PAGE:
Crosstown Cup Starters Jeff Samardzija, Kyle Hendricks Heading In Opposite Directions


Chicago Cubs

jeff samardzija white soxIt has been 406 days since the Cubs dealt Jeff Samardzija to Oakland  in a deal that resulted in the Cubs acquiring their current shortstop (Addison Russell), a current top-100 outfield prospect (Billy McKinney) and a pitcher (Dan Straily) who was a piece that netted the Cubs their every day center fielder (Dexter Fowler).

Today marks Samardzija’s first chance to get revenge against the organization drafted and developed him, brought him to The Show and reportedly offered a long-term extension that was turned down a few weeks before his departure via trade.

The differences between Samardzija when he left the Cubs in July 2014 and where he is now with the White Sox are striking.

Put aside his 8-7 record and note that his 4.62 ERA, 3.82 FIP and 4.06 xFIP each represent low-points for Samardzija since becoming a full-time starter in 2012. His walk rate has remained stable over the last calendar year, but his strikeout rate has dipped to 17.5 percent after being at 23.0 percent last season. His groundball rate peaked at 50.2 percent in 2014, but dropped nearly 10 percentage points to 40.7 percent while with the White Sox.

There are noticeable differences in pitch selection and execution, too.

Samardzija is throwing more cutters, evidenced by its 25 percent usage rate. That is up significantly from 11.3 percent with the Cubs before the trade. With that has come a decrease in the use of his fastball, which is down to 40.7 percent with the White Sox after being at 55.7 percent pitching for the Cubs.

Samardzija’s slider was worth 7.9 runs above average in 2014, making it the ninth most valuable slider according to FanGraphs’ Pitch Values. A year later, Samardzija’s slider is at -5.5 wSL, which ranks 60th on FanGraphs’ leaderboards, just ahead of Kansas City’s Jeremy Guthrie (-5.9) and Toronto’s Drew Hutchison (-9.9). And there isn’t a major difference in usage, throwing it at a 22 percent clip in 2015 after using it 21 percent of the time with the 2014 Cubs.

Samardzija has pitched to a 2.5 fWAR that puts him among the 30 best big league pitchers and is in the stretch run in leading up to what was to be — and what still could be — a major payday. Yet, he has been streaky at best — which might as well be a microcosm for the White Sox’s up-and-down season.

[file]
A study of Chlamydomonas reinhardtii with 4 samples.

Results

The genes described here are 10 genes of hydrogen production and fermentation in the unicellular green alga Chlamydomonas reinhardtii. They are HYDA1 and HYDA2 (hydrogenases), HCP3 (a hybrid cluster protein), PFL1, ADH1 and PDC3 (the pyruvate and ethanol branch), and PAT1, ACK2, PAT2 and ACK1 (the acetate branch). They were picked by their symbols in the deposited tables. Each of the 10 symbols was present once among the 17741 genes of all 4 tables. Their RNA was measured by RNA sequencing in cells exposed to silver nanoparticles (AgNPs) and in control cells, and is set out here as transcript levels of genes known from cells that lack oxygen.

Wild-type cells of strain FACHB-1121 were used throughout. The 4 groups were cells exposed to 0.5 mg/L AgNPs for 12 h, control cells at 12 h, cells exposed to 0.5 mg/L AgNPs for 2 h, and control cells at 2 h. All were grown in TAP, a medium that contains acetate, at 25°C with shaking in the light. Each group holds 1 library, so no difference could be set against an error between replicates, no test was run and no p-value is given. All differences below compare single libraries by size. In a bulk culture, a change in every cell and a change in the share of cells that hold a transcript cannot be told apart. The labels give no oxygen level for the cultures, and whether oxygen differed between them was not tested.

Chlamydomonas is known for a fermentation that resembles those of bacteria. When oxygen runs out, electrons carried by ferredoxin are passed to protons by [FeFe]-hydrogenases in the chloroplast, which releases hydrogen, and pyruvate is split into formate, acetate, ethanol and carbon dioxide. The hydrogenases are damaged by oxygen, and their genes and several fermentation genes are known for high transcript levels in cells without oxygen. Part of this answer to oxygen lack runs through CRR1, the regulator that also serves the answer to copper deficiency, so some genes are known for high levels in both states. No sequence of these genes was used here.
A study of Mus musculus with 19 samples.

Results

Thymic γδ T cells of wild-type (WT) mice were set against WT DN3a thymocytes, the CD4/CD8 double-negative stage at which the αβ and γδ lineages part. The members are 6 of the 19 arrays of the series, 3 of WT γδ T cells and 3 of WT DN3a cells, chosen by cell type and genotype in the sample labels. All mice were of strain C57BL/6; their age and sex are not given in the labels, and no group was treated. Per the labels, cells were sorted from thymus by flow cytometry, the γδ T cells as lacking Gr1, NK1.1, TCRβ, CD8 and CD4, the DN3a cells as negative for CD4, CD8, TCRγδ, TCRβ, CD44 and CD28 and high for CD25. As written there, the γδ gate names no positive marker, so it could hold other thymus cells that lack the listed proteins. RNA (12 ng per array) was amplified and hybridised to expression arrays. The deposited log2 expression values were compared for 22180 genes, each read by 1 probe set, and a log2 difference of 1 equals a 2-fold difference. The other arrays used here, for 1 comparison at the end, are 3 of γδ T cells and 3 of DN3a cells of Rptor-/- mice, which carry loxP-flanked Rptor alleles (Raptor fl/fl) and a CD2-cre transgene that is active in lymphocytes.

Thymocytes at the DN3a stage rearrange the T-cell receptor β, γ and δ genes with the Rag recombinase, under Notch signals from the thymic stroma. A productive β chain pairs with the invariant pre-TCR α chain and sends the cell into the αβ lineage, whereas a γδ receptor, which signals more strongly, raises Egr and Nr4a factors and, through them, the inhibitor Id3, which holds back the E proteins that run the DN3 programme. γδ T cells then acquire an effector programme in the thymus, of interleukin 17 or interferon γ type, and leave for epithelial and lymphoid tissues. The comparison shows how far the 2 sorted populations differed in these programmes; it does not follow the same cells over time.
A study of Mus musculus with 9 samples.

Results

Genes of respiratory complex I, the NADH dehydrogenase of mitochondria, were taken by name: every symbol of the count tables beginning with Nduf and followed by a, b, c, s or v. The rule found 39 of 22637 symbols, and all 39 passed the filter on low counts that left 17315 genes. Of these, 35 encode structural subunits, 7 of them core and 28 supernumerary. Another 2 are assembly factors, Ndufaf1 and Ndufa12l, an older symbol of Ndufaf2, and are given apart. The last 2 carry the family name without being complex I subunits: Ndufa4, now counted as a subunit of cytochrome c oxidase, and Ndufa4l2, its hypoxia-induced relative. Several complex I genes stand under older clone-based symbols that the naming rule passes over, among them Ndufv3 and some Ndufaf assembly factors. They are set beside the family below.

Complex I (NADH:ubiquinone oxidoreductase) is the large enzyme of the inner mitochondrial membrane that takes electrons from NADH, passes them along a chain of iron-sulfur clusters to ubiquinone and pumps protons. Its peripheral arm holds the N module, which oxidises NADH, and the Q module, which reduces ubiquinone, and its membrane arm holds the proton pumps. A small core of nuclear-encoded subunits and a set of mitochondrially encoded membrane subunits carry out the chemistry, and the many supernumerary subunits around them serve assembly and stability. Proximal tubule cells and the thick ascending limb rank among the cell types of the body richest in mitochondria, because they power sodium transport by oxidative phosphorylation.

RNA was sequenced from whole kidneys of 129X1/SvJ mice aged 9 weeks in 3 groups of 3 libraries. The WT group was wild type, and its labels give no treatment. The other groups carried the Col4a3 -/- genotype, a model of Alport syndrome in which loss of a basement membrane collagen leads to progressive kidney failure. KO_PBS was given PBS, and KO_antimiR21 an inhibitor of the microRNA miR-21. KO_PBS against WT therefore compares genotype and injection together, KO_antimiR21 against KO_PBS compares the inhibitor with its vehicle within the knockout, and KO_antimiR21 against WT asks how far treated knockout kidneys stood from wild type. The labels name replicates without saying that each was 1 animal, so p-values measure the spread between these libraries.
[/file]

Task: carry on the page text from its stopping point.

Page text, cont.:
Samardzija’s mound opponent, Kyle Hendricks, is at the other end of the career spectrum.

Hendricks is navigating through his first full season and isn’t scheduled to be arbitration eligible until 2018 and won’t hit free agency until 2021. Unlike Samardzija, a proven commodity with a good track record, Hendricks — who has pitched to a respectable 2.2 fWAR this season — is still coming into his own.

Nothing exemplifies that more than the evolution of his pitch mix.

After a rough outing in late June against the Dodgers, Hendricks himself noted he needed to make changes, per ESPN Chicago saying: “I have to change something in my routine or something with my mentality on the mound. But I have to find something.”

We have previously spent time discussing his change-up and increasing strikeout rate, but maybe that something Hendricks referenced was a curveball that ranks among the best in the big leagues.

According to Fangraphs’ Pitch Value leaderboard, Hendricks’ 4.4 runs above average on his curveball rates as the eighth best in baseball. For what it’s worth, teammates Jake Arrieta (3.0) and Jon Lester (2.8) — who have pretty good curves of their own — rank 15th and 16th, respectively.

On a per 100 pitch basis, Hendricks curveball checks in as the best in baseball at 3.08 runs above average — which is better than curves belonging to Clayton Kershaw (3.03), Corey Kluber (2.93) and Felix Hernandez (2.86). No one will ever confuse Hendricks for any of those aforementioned pitchers, but having multiple quality off-speed offerings should help his development moving forward.

Hendricks obviously doesn’t have the track record, raw stuff or upside Samardzija possesses, but there is something about a steadiness to Hendricks’ game that is admirable as it continues to grow with experience.


Luis Medina is a Writer at Bleacher Nation, and you can find him on Twitter at@lcm1986.